Analysis: Your guide to understanding the yuan-dollar currency spat

Foreign speculators are betting the yuan is going to rise like stock in the 1990s. So they're rushing into China to buy the yuan at 15 cents a pop, hoping to sell it later when the price is, say, 17 cents, pocketing two cents per yuan profit. Sounds like chump change, but it adds up if you're swapping large amounts.

Meanwhile, speculators are parking their yuan in Chinese property. That's driving a massive property bubble, particularly in places like Shanghai. The country's in the grip of a speculative "mania," warns Xie, and "the day of reckoning will come."

He thinks "hot money" accounts for fully half of China's accumulated reserves.

UBS' Wang isn't as worried. She admits some speculators have bet on the yuan, especially since 2007. But she says China still keeps close tabs over foreign money flows, and has many controls. "It's not so easy to get in and out," she says.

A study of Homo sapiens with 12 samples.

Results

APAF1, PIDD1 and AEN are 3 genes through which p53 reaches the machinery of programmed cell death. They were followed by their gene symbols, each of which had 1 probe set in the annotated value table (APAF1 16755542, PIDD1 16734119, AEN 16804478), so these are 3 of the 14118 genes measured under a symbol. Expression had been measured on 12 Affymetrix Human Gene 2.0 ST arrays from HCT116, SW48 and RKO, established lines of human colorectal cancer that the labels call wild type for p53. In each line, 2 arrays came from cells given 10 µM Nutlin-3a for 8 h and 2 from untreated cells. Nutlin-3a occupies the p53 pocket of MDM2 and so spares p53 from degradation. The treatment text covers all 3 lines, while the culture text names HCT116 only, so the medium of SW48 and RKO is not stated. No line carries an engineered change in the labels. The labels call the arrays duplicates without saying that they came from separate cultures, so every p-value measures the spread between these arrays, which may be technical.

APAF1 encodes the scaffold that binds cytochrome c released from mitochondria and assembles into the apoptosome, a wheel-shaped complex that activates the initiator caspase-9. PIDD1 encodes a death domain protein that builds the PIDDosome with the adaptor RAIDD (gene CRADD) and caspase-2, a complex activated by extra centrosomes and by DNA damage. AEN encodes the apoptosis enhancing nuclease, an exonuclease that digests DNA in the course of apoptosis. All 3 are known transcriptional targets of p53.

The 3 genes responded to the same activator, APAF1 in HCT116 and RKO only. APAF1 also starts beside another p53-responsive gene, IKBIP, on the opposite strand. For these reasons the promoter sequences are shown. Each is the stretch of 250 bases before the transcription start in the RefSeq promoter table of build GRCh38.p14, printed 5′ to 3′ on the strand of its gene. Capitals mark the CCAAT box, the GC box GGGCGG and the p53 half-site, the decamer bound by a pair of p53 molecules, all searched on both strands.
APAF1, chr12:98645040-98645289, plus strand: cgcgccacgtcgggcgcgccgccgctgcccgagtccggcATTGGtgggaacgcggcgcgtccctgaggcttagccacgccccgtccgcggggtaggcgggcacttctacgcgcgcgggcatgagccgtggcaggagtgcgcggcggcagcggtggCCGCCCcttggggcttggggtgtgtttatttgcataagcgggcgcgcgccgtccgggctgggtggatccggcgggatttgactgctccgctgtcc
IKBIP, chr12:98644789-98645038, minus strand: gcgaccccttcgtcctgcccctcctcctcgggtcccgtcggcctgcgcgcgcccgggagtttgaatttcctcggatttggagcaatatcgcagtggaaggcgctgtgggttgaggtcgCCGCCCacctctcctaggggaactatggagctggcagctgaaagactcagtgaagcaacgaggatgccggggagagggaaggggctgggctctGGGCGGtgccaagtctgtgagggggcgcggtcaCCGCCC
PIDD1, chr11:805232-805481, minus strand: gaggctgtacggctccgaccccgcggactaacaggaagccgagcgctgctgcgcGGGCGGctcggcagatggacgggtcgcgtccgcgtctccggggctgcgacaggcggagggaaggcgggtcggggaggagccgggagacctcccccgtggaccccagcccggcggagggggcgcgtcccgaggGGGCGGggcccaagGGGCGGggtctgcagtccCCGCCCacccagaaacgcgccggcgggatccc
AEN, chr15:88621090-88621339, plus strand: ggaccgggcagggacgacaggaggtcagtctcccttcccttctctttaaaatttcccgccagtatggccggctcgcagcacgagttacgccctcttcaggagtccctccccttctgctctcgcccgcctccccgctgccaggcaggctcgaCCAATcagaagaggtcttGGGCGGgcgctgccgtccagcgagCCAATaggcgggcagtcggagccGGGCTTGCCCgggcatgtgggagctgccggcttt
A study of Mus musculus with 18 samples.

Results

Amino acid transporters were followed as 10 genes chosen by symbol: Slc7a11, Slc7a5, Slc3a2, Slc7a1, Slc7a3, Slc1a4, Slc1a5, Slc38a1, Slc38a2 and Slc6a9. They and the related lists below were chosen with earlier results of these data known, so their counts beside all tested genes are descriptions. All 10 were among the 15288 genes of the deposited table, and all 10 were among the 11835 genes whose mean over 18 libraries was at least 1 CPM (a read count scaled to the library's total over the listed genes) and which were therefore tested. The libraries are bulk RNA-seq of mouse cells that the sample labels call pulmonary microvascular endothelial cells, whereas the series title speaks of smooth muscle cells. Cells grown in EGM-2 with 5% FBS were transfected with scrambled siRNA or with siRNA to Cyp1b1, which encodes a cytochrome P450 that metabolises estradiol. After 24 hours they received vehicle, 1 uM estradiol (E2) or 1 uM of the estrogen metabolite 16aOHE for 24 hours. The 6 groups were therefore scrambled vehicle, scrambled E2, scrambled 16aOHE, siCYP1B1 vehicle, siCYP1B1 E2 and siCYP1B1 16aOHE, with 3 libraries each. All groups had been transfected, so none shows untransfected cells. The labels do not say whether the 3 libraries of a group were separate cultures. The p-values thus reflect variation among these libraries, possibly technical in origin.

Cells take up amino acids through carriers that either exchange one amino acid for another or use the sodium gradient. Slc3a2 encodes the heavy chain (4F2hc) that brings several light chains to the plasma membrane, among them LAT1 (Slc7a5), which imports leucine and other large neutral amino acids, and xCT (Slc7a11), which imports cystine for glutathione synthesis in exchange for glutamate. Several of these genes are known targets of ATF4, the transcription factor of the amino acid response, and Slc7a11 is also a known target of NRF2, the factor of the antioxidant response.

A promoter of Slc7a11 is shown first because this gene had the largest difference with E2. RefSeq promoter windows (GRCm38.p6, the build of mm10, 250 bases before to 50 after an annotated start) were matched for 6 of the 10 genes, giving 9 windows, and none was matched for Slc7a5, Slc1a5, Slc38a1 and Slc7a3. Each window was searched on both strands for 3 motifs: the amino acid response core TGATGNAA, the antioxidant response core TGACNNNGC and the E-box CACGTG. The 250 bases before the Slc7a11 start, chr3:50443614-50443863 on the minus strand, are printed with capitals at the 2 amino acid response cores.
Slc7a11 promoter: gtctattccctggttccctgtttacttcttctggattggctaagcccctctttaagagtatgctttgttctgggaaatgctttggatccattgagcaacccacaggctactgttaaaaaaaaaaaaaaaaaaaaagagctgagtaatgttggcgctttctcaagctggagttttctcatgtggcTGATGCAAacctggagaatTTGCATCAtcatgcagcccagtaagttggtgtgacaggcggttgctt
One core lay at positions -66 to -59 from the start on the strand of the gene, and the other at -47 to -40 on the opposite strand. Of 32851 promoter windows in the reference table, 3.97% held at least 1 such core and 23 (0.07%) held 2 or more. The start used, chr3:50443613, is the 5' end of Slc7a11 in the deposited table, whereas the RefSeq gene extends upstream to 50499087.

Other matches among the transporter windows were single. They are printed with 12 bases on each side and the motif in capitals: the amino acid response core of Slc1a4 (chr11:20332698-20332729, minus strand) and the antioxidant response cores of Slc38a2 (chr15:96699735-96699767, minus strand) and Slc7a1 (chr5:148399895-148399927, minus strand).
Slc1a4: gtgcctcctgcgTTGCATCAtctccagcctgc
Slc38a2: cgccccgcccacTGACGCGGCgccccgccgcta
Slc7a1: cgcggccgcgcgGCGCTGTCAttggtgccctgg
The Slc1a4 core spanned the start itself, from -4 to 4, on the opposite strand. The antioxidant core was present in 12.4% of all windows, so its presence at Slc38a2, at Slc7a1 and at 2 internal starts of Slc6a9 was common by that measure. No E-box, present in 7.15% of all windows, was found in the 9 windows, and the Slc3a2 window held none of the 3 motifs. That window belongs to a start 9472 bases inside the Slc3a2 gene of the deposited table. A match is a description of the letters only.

That means small speculators may be able to move money back to the home country. But big institutional investors that could really distort China's currency market can't move money in and out of China the way they can in some other countries, says Wang.

Her investment house's latest estimate is that "hot money" accounts for less than 20 percent of China's accumulated reserves, or $480 billion at most.

So who's right?

Ask your nearest economist. And expect to hear three different answers.

This story was updated to add details of Monday's meeting between President Barack Obama and Chinese President Hu Jintao.